News Saugatuck/Douglas Commercial Record

STR cap may go ‘nuclear’ anyway

By Scott Sullivan


Saugatuck’s long road to short-term rental caps advanced Monday by a mixed vote, placing 20-percent limits in the R-1 Community Residential zone.

The move — argued for a year-plus of task force, planning commission and city council meetings — passed Monday 4-2 after planners handed it off June 19, 4-3.

What’s become a familiar voting bloc — Mayor Lauren Stanton, Mayor Pro-Tem Helen Baldwin, immediate past Mayor Scott Dean and first-year council member Holly Anderson — voted yes, Russ Gardner and Gregory Muncey no.

Both noted the city attorney had vetted them and fellow member Logan White about conflicts of interest under which they must recuse themselves. White said yes and did.

“Did the attorney ask all council members?” Gardner asked. “I would rely on everyone’s self-disclosure.” Each, except White, said Monday they did not have STR fiscal interests.

Cap proponents claim surveys show most city voters want to scale back STR growth to limit loud, late-night parties, overparking onto neighbor lawns and more antics that threaten peace and quiet of what laws say should be low-density, single-family residential neighborhoods.

Opponents say they would cripple Saugatuck’s economic lifeblood, tourism; ask “Who commissioned that survey anyway?” and “Where’s the economic-impact study due diligence should require before acting rashly?” Don’t meddle in a free market that — with better enforcement of laws now existing — works.

Third-month City Managers Ryan Cummins, 32, tasked too with zoning and planning duties, formerly two jobs and replacing a treasurer too, noted contracted planning consultant David Jirousek June 29 tallied 158 of 501 improved city dwellings were STRs, 32 percent.

Community R-1 had by far the most, 123 of 354 (37 percent) of such units licensed to house transients.

Cummins, based also on last Wednesday’s council workshop, debate and direction, Monday presented three sample motions:

1) Follow the split PC’s call to impose 20-percent R-1 license caps, not applying retroactively to existing license holders but kicking in should they sell their properties.

It would also not affect living quarters owned by full-time residents with valid principal-residence exemptions (PRE’s), provided they’re not rented more than 21 days per year, e.g. family visits for part of a Saugatuck summer with you.

Once available, STR licenses would be issued as on a (choose one) first-come, first-served/lottery/merit-based competitive review basis.

2) A 25-percent cap in R-1 with no PRE exemptions; or

3) Caps in all R-1 districts, including Peninsulas West, South and North plus Maple Street, no PRE exemptions also.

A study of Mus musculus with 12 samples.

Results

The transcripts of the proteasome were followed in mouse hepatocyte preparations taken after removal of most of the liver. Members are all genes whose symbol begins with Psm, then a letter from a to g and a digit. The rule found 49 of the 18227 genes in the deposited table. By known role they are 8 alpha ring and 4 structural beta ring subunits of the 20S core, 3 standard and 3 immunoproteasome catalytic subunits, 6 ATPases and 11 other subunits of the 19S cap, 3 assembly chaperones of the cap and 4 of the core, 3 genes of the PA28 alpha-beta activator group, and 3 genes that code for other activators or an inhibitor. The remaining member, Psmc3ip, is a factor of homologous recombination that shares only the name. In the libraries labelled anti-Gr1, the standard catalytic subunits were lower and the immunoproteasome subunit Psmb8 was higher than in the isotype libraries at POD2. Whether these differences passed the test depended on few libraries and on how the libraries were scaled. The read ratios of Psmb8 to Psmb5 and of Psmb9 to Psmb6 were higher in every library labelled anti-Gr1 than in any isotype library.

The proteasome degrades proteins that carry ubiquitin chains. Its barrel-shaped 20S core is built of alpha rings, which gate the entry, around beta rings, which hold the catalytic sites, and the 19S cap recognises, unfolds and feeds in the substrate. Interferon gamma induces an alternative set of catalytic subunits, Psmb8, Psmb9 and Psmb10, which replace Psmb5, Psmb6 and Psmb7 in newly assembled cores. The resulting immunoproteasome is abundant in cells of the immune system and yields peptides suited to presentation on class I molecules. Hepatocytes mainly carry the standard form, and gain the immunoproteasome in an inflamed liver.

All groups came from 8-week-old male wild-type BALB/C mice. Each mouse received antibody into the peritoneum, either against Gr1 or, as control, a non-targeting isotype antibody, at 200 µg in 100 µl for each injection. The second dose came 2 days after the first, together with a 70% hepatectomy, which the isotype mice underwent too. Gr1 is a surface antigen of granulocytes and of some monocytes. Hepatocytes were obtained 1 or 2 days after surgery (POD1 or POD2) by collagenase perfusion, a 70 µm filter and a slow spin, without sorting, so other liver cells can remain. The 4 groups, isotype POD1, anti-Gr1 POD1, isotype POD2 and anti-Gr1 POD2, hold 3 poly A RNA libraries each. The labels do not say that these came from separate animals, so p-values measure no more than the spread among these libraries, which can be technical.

Even Monday’s passing of Option 1 won’t end pre-November election talks, when two-year seats now held by Stanton, Baldwin, Dean and Muncey will expire.

“It’s no secret,” Dean said at last Wednesday’s workshop, “that four of us plan to pass caps Monday.”

Muncey and Gardner again said an economic-impact study should be done first and suggested a public referendum might best resolve such an important, divisive issue.

“It’s all about money-money-money?” realtor Ethan Baarde quoted critics rhetorically. “Yes, it’s about money. We need money.”

He and other cap foes cited a Saugatuck-Douglas Area Convention & Visitors Bureau letter in last week’s Commercial Record.

“Quite simply,” it said, “capping STRs would take funds away from marketing the area as a phenomenal travel destination at a time when competition for the tourist dollar has never been more intense.

“It could also send a message — exponentially amplified across press and social media — that Saugatuck is no longer nearly as welcoming to tourists as we purport to be,” the board letter cautioned.

“We have a mandate to do our jobs,” Dean countered. “Past councils avoided acting on what’s been a growing problem.”

“I take offense at that,” countered Gardner. “Past councils studied this carefully and decided STRs should remain a free-market option.”

Anderson called 178-percent STR growth in the last seven years an “explosion” that jeopardizes homeowners’ quality of life.

“For comparison’s sake,” she continued, “Charlevoix passed STR caps in 2019 and property values have gone i[ each year since.”

Bobbie Gaunt, who identified herself as a planning commissioner and Hill resident who voted yes, said the July 4 weekend past had been anything but what low-density, single-family residential zoning called for.

“Saugatuck is Saugatuck, not Charlevoix. We like it that way,” Muncey said.

A technical fluff cut off sound to 25 Zoom participants midway through the workshop, prompting one to say, “I did nothing to disconnect us. Imagine that.”

“I’m not convinced,” said Dean, “by the fearmongers saying caps will wreck Saugatuck economically. We will always people with our beauty. Passing this cap will prevent the nuclear option of a ballot initiative.”

The Nov. 5 council vote may or may not take care of that otherwise. “If people don’t support it,” Stanton said, “we will find out then.”